MultiLingual hosts conversation with Ukrainian interpreter Kateryna Rietz-Rakul


If you don’t recognize the name Dr. Kateryna Rietz-Rakul, chances are you’ve still heard her work — unless you’ve stayed off social media the past week. 

The Ukrainian-German interpreter went viral on social media after breaking into tears while interpreting a press conference by Ukrainian President Volodymyr Zelensky. For many both inside and outside the language industry, the vulnerable moment was a reminder of the often-difficult circumstances interpreters endure to do their jobs.  

Last night, MultiLingual Live had the exciting opportunity to host Rietz-Rakul in conversation. The result was a revealing, charming, and open discussion that sheds new light on the role of interpreters during wartime. 

According to Rietz-Rakul, her skills have been in high demand. That’s thanks to her particular combination of language specialties, which are all vital as the Russia-Ukrainian war unfolds. 

“It turned out there are only two interpreters who can do simultaneously a combination of English, German, Ukrainian, and Russian,” she said. “It’s often needed, and it’s just two of us.” 

She was as surprised as anyone when the wave of emotion overcame her on a hot mic. A seasoned professional, she is typically adept at separating herself from the situation. But in this case, Zelensky’s words hit too close to home.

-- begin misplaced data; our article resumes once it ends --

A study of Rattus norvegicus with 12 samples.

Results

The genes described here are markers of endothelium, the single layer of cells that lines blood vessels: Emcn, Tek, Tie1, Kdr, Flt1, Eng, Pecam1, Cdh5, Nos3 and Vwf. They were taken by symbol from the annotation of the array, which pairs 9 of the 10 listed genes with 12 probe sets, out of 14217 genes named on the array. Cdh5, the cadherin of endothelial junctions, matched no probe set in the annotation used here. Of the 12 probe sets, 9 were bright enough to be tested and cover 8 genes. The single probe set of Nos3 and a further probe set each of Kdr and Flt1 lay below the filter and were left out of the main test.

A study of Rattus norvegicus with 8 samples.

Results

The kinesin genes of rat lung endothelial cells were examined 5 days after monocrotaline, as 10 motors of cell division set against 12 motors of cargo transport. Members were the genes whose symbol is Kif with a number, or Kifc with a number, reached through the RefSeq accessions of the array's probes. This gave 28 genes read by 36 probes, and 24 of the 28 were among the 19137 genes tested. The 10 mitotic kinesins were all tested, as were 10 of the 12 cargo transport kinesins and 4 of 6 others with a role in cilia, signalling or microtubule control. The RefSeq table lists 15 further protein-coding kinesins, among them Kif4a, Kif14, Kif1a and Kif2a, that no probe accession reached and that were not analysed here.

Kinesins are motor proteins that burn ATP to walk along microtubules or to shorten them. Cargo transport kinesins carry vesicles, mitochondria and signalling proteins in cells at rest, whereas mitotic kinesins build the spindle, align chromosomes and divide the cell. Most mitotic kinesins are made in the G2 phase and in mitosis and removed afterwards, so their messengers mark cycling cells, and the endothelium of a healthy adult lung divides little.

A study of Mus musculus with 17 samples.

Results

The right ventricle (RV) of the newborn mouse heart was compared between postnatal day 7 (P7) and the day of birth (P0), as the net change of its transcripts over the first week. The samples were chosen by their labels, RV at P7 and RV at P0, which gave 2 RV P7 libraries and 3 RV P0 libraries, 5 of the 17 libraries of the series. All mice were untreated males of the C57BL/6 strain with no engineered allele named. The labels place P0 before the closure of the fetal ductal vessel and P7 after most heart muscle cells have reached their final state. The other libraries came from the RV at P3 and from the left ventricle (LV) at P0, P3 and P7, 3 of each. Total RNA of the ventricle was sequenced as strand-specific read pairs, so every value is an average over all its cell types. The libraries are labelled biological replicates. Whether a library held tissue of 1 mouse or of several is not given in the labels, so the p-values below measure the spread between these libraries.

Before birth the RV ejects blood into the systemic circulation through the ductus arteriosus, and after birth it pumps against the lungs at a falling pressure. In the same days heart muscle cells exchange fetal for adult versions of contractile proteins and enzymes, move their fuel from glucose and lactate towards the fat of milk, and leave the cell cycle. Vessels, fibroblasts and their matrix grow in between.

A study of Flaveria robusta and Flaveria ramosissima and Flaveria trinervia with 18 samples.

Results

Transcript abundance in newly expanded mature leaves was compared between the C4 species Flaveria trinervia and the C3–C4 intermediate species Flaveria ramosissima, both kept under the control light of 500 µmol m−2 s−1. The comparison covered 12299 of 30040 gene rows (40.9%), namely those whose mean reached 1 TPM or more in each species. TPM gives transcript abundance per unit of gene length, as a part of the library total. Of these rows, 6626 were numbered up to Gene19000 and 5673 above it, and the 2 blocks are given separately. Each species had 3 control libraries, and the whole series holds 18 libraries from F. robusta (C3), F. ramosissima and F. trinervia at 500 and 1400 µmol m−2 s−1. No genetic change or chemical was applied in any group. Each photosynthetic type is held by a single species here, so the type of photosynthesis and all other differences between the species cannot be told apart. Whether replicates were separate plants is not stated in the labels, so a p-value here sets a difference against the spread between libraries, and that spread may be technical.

“Of course I know how to distance myself,” she said. “But sometimes you just can’t because it’s too much.” 

After she shed the tears that caught the world’s attention, Rietz-Rakul assumed officials would consider her unfit for the difficult work. In fact, the opposite was true. 

“I just thought, ‘Well, I lost it, and they’ll say it was nice working with you, but obviously you’re not fit for the job,’” she said. “So I sat there, and the woman responsible for the broadcast ran to me. She hugged me, and she said, ‘I’m so sorry, and I feel with you. You are doing a great job. It’s OK, we all know how you feel.’” 

Rietz-Rakul wasn’t alone in her situation. Only days later, another interpreter choked up while working at the European Parliament for another Zelensky speech. Her heart goes out to him and everyone else working a difficult job under difficult circumstances. 

“My support goes out to him and to everybody who is in this job, and also to journalists who are covering it,” she said. “I suppose we will all meet in post-trauma psychological seminars after the victory of democracy.”

Cameron Rasmusson is a writer and journalist. His first job out of the University of Montana School of Journalism took him to Sandpoint, Idaho as a staff writer for the Bonner County Daily Bee. Since 2010 he's honed his skills as a writer and reporter, joining the MultiLingual staff as Editor-in-Chief in 2021.